Day of Atonement

First, I would like to give glory to God for allowing us to observe today as the Day of Atonement. Throughout the Old Testament, the word “atonement” frequently appears in Leviticus and is quickly referenced to the Mosaic Law. However, the need for atonement from sin transcended beyond the covenantal agreement God made with the nation of Israel and began at the onset of Adam and Eve’s rebellious acts in the Garden in Eden.

And the Lord God commanded the man, saying, “Of every tree of the garden you may freely eat; but of the tree of the knowledge of good and evil you shall not eat, for in the day that you eat of it you shall surely die.”

Genesis 2:16-17

The moment Adam and Eve consumed fruit from the forbidden tree, their eyes were opened to see the nature of the world that God was protecting them from. The opening of their eyes caused them to see themselves contrary to how God saw them. Instead of seeing themselves created in the glorious image of God, they saw the bareness of their body. A body without covering. A body that was deemed filthy and in need of cleansing. A body that could now feel the effects of sin reigning in their lives. Adam and Eve’s act of disobedience removed the spiritual covering and protection that God provides.

Then the eyes of both of them were opened, and they knew that they were naked, and they sewed fig leaves together and made themselves coverings. And they heard the sound of the Lord God walking in the garden in the cool of the day, and Adam and his wife hid themselves from the presence of the Lord God among the trees of the garden. Then the Lord God called to Adam and said to him, “Where are you?” So he said, “I heard Your voice in the garden, and I was afraid because I was naked; and I hid myself.”

Genesis 3:7-8

Adam and Eve had exposed themselves to become a slave to the detrimental effects of sin. Their sense of shame led them to take matters in their own hands by attempting to hide every portion of themselves from God. In retrospect, that is the same process that many of us have taken today. We allow the shame of our sins to force us into hiding and to turn away from God when he is pursuing us for reconciliation. The good and glorious news is that God has made a personal sacrifice of his own for the propitiation of our sins, and the sins of this world.

Atonement: How Does it Work?

“Atonement requires an innocent party to take the punishment of the one who is guilty.”

And the Lord God made clothing from animal skins for Adam and his wife.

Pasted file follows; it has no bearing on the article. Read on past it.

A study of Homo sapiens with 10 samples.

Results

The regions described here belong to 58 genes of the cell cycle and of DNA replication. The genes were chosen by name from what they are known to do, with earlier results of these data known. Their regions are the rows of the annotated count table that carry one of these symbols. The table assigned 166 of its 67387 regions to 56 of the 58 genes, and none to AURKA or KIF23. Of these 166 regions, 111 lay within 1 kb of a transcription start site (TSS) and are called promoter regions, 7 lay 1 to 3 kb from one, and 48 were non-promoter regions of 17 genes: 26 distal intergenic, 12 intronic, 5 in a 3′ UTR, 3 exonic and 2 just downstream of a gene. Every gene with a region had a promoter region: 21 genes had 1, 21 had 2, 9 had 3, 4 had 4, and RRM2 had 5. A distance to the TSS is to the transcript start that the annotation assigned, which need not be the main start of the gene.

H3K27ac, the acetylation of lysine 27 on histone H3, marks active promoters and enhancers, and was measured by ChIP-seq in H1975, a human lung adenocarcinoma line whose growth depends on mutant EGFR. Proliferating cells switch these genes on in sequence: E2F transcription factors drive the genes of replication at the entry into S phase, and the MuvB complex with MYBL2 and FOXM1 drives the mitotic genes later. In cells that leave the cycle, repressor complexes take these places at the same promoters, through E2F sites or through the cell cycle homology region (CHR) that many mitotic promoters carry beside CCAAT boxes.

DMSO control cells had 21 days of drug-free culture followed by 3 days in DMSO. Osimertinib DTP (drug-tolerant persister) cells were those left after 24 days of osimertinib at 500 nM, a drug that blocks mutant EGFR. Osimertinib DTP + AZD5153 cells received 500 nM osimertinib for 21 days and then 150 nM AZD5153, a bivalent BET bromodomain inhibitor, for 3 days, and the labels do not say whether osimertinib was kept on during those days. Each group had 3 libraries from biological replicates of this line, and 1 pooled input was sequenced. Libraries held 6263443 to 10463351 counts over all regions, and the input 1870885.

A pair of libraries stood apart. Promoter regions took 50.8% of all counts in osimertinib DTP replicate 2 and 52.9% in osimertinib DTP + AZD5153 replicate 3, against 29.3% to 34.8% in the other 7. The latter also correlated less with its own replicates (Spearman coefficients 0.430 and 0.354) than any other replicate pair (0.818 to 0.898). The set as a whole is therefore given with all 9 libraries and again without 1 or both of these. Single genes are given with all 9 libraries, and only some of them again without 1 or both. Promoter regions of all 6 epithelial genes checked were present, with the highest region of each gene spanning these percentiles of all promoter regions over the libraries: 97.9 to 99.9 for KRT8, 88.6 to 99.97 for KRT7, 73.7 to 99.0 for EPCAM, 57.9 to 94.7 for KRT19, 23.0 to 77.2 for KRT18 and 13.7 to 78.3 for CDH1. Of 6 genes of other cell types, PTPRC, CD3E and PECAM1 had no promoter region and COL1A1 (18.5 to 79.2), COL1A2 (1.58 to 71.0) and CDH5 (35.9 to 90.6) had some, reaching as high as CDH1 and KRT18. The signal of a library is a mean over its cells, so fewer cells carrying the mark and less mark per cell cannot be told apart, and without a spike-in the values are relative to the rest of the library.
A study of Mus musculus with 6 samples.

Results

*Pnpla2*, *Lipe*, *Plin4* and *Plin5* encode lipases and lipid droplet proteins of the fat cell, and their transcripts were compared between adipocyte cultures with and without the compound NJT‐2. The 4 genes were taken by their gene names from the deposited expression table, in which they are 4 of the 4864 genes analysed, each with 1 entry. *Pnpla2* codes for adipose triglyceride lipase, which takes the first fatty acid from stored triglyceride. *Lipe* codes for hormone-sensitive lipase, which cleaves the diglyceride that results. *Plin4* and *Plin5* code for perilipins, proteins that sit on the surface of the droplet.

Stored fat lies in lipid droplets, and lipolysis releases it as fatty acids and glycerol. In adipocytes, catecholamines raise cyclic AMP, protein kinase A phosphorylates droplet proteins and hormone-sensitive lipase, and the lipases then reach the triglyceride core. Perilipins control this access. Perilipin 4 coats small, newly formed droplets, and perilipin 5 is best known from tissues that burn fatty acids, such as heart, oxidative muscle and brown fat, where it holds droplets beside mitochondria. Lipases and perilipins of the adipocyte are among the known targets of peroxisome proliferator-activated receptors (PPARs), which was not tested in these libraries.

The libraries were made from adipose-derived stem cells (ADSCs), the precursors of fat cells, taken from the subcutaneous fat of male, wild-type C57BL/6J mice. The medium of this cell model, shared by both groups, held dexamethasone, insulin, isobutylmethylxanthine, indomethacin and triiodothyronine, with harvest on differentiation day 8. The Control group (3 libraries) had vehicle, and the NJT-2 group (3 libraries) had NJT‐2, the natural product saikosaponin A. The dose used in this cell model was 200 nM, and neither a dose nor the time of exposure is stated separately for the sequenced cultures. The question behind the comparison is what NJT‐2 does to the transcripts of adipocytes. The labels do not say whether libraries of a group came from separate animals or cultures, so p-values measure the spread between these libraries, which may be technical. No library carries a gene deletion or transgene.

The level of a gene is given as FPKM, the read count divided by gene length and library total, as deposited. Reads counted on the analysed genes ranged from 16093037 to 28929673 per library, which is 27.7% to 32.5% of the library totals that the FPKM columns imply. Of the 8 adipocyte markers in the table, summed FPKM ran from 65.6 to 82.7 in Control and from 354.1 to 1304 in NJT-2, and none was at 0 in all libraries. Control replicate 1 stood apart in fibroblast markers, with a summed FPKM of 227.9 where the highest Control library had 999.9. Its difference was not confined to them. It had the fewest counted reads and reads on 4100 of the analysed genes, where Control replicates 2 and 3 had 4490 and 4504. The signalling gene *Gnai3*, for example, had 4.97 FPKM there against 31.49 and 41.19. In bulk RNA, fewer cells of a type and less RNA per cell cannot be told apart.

Genesis 3:21

Adam and Eve did not possess the power to fully cover themselves nor did they have anything to offer to God to simply say, “I’m sorry. Please forgive me.” Their acts of sinning against God needed more than what leaves of a fig tree could provide. Their sin required the sacrifice of an innocent party. The sacrificial offering God presented as the atonement for Adam and Eve’s sin was the death of an innocent animal. This form of atonement became an act of worship for the subsequent generations to follow as mandated through the temporary covenantal agreement of the Mosaic Law, which was resolved upon the establishment of a new covenant through Jesus Christ.    

kâphar, kaw-far’:

“to cover; to cancel; purge; forgive”

The Hebrew word for “atonement” is kâphar, meaning to cover. God is the subject of kâphar and alone can provide an atonement for sin. Through Jesus Christ, God provided Himself as a sacrificial ransom for the sins of this world. Jesus is now the High Priest over all good things that have come and has entered that greater, more perfect Tabernacle in heaven. With His blood, not the blood of animals, he entered the Most Holy Place once and for all time and secured our redemption forever.

For if the sprinkling of [ceremonially] defiled persons with the blood of goats and bulls and the ashes of a [burnt] heifer is sufficient for the cleansing of the body, how much more will the blood of Christ, who through the eternal [Holy] Spirit willingly offered Himself unblemished [that is, without moral or spiritual imperfection as a sacrifice] to God, cleanse your conscience from dead works and lifeless observances to serve the ever living God? For this reason He is the Mediator and Negotiator of a new covenant [that is, an entirely new agreement uniting God and man], so that those who have been called [by God] may receive [the fulfillment of] the promised eternal inheritance, since a death has taken place [as the payment] which redeems them from the sins committed under the obsolete first covenant.

Hebrews 9:13-15

If the blood of animals had some effect in cleansing, then, the blood of Christ is highly effective in covering our sins. When our ancestors ceremonially honored the Day of Atonement by sacrificing animals by following their covenant agreement with God, He considered their faith and obedience and cleansed them from their sins. I want you to understand that Christ’s sacrifice transforms or lives and hearts and makes us clean on the inside. On the Day of Atonement, we do not return to the sacrificial system of the old covenant. Instead, we turn to Christ to honor and thank him for his finished work on the cross. We observe the Day of Atonement with prayer, fasting, making amends, and asking for forgiveness. The Day of Atonement is a mandate by God that still stands today.